If the fence around your backyard has ever fallen down or if you've ever built an addition on your home, you know the importance of land surveyors. These professionals identify and mark the boundaries of particular properties. They also describe, map, and evaluate the contours of the earth's surface for the purpose of erecting buildings or installing infrastructure.
If you love working outdoors, you might consider land surveyor jobs for your profession. Although surveyors sometimes work indoors, they spend the bulk of their time outside, walking from place to place with their equipment.
Land Surveyor Job Education Requirements
To gain employment as a land surveyor, you need at least a bachelor's degree. Consider majoring in surveying, geology or a math-related subject like physics. If you want to certify documents for legal use or provide surveying services to the general public, you must also obtain the license or certification your state requires for land surveyors. The National Council for Examiners of Engineering and Surveying administers two tests for surveyors, but individual states might impose additional requirements.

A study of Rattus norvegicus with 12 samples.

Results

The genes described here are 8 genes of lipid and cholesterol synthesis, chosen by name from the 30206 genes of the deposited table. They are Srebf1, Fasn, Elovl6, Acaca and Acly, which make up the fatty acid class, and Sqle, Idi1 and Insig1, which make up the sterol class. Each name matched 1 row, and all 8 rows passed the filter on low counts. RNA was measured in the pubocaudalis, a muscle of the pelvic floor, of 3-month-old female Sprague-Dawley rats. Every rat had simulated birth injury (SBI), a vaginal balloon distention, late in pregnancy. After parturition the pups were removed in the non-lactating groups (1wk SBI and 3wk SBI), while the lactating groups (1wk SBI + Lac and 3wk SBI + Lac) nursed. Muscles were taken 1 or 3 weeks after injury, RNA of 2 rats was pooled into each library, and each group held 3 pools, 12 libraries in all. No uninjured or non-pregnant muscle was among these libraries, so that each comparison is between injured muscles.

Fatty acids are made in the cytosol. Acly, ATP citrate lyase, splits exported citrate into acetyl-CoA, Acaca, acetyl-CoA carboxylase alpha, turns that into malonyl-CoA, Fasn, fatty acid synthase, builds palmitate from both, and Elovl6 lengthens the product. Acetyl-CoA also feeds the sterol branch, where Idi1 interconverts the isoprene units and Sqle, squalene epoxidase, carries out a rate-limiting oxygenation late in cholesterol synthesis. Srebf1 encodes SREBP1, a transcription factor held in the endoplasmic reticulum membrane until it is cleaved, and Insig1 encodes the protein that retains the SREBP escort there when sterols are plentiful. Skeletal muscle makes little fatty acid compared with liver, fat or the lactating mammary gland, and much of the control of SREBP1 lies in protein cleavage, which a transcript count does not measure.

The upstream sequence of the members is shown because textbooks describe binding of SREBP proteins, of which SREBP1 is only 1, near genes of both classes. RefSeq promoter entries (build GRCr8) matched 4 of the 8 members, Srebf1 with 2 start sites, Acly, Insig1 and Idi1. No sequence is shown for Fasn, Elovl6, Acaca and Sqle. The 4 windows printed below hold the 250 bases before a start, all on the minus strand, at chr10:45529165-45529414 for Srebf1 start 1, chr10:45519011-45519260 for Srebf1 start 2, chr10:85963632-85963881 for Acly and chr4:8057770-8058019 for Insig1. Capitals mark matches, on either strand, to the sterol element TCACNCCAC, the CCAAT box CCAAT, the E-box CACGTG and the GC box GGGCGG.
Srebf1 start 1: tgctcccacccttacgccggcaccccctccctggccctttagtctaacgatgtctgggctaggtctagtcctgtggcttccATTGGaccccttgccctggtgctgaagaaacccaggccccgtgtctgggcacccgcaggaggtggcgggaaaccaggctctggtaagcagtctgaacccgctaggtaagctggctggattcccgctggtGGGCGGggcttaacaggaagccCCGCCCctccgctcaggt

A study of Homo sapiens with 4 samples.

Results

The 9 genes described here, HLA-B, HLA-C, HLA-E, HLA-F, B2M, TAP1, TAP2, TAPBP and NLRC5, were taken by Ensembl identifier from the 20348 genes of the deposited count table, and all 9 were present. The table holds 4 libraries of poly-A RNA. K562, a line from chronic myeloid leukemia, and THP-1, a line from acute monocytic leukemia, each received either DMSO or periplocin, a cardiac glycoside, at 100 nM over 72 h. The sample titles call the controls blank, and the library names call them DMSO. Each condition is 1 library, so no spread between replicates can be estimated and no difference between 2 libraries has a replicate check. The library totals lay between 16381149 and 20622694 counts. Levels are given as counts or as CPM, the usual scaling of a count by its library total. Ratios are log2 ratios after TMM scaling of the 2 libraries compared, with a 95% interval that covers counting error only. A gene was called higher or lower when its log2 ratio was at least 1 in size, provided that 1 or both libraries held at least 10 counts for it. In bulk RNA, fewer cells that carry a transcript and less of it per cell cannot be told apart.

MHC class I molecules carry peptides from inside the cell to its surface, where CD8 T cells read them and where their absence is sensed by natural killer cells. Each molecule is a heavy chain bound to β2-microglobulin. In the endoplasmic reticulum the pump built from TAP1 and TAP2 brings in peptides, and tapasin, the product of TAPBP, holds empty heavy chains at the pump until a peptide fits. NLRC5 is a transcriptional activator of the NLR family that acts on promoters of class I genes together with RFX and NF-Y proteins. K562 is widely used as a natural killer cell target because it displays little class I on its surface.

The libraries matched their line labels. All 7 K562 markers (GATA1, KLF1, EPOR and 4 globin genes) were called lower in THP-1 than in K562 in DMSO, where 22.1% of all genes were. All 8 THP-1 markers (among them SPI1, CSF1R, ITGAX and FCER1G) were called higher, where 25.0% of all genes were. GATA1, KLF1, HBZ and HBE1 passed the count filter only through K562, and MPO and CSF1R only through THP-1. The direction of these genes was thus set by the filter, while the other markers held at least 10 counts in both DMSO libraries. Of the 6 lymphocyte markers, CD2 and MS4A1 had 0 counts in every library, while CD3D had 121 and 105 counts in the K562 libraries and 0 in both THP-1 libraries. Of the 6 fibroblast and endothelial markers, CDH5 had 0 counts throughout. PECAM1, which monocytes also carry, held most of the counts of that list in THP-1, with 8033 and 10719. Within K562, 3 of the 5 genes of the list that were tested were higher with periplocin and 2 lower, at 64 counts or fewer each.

Land Surveyor Job Market
The Bureau of Labor Statistics reports that land surveyor jobs will increase at a rate of 10 percent per year, which is commensurate with the growth rate of other industries. There are currently more than 40,000 surveying jobs in the market. Related jobs, such as surveying and mapping technician positions, are growing even faster.
Land Surveyor Job Salary Information
According to the BLS, land surveyors earn a median salary of $56,230 per year or $27.04 per hour. The majority of surveying professionals work full time, and the construction industry significantly impacts the employment rates. Some land surveyors work for large corporations, construction companies, architects, or businesses in related fields, while others work for themselves or for surveying companies.